The most egregious states for speeding tickets in the US
I’ve lived in Massachusetts for most of my life. I racked up a handful of minor traffic violations here over the last 25 years, but when I moved to Vermont, I seemed to be getting popped for violations once every couple of months. It was a combination of driving more during odd hours, and a lot of cops with nothing better to do. Those factors influence what state you’re likely to get a ticket in, too, and how expensive it’s likely to be.
Most Expensive First Offense: (Tie) Georgia, Illinois, North Carolina, Nevada and New Hampshire
These five states all hold drivers liable for a fine of up to $1,000 for a first offense. The fine is up to a judge’s discretion and can be based on how many miles per hour you’re ticketed over the designated speed limit, or if you were caught speeding in a work or a school zone, both of which tend to double a fine. In addition to the fine, you can spend up to a year in jail. Granted, speeding in a work zone is bad for everyone concerned, but a few moments of inattention resulting in a $1,000 fine? What’s the first offense for a weapons violation in those states?
Most Expensive State to Fight a Ticket: Massachusetts
Back in 2005, Vincent Gillespie got a $15 parking ticket in Northampton, Massachusetts, a bucolic community in the Connecticut River Valley in Central Massachusetts. In order to fight the ticket, Gillespie had to pay $319.90 in filing fees with the Hampshire County Superior Court, which was non-refundable whether he won his case or not. His case went to the Massachusetts Supreme Judicial court, where Gillespie’s lawyers argued that the fees effectively negated his constitutional right to due process. In its ruling, the SJC noted that the plaintiffs hadn’t met the burden of proof that the laws weren’t in keeping with the state constitution, and that the fee system serves the purpose of discouraging “the filing of nonmeritorious appeals,” thus conserving scarce judicial resources.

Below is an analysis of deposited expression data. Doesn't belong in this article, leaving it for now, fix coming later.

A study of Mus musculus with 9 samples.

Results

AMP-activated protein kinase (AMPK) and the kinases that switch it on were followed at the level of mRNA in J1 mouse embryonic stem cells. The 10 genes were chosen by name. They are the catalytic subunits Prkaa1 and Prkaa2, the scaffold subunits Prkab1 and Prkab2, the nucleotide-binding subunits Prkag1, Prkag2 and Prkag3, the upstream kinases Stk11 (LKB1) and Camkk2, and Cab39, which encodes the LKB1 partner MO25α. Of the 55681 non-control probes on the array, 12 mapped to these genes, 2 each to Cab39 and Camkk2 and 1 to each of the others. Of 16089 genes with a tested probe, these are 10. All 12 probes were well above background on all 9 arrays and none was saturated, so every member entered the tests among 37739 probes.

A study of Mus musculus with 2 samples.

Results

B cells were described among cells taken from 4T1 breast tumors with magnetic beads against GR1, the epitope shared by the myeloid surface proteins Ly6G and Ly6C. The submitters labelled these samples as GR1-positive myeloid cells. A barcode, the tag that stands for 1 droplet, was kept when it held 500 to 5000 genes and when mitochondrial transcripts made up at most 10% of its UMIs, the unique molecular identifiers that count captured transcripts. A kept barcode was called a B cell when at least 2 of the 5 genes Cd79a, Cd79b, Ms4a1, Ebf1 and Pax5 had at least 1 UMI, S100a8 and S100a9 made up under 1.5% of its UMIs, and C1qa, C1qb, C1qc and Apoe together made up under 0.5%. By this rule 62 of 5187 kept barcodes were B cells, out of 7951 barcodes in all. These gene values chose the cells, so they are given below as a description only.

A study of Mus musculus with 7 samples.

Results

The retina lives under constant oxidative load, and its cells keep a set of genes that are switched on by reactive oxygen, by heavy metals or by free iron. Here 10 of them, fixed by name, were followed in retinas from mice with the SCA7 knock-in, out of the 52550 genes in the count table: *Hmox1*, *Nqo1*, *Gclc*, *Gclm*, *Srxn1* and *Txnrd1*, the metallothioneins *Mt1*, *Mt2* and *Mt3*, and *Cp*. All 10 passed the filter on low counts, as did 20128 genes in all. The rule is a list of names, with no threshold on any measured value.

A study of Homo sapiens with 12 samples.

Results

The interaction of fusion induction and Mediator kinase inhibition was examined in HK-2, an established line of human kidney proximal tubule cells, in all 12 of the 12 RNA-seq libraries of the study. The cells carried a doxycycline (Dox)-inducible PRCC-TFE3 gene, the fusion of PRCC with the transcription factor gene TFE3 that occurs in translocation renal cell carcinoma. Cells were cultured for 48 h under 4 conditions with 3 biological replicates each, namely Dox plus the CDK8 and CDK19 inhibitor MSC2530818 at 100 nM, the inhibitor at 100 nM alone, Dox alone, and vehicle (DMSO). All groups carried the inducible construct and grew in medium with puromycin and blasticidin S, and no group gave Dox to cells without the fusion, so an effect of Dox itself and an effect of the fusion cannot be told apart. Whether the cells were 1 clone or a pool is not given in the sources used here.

Mt. Tabor is a one-horse dot on Route 7a in western Vermont that doesn’t even have a traffic light. What it does have is a speed limit sign that drops to 40 mph, and you will get rung up by its zealous constable, a guy who drives a Camaro and gets paid by the number of tickets he writes. And he’s not alone. One constable in the village of Island Pond made national news by writing 1,100 tickets, with fines totaling $100,000 – a tenth of the entire revenue of the town that year.
Most Unmarked State Police Cars: Connecticut
In all my years driving in New England, I’ve never seen a fully marked Connecticut State Police car. That’s because only one is assigned to every troop. Apparently, they’re white with yellow and blue markings. Most Connecticut State Police cars are silver, with a pushbar up front and a low-profile lightbar on the roof, which carries the only “State Police” marking on the car. Connecticut’s also been notorious for using Camaros, Mustangs, Grand Nationals and other non-traditional cars as unmarked patrol cars on the state’s highways.
Most Tickets Written: Washington, DC
Ohio residents will be surprised that it’s Washington, DC (yeah, not technically a “state,” but whatever) that writes the most speeding tickets. With just over half a million residents, DC’s Finest writes more than 430,000 tickets a year. It beats out the next state in the top ten – Wyoming – by a factor of ten. Save your money. Visit some other place.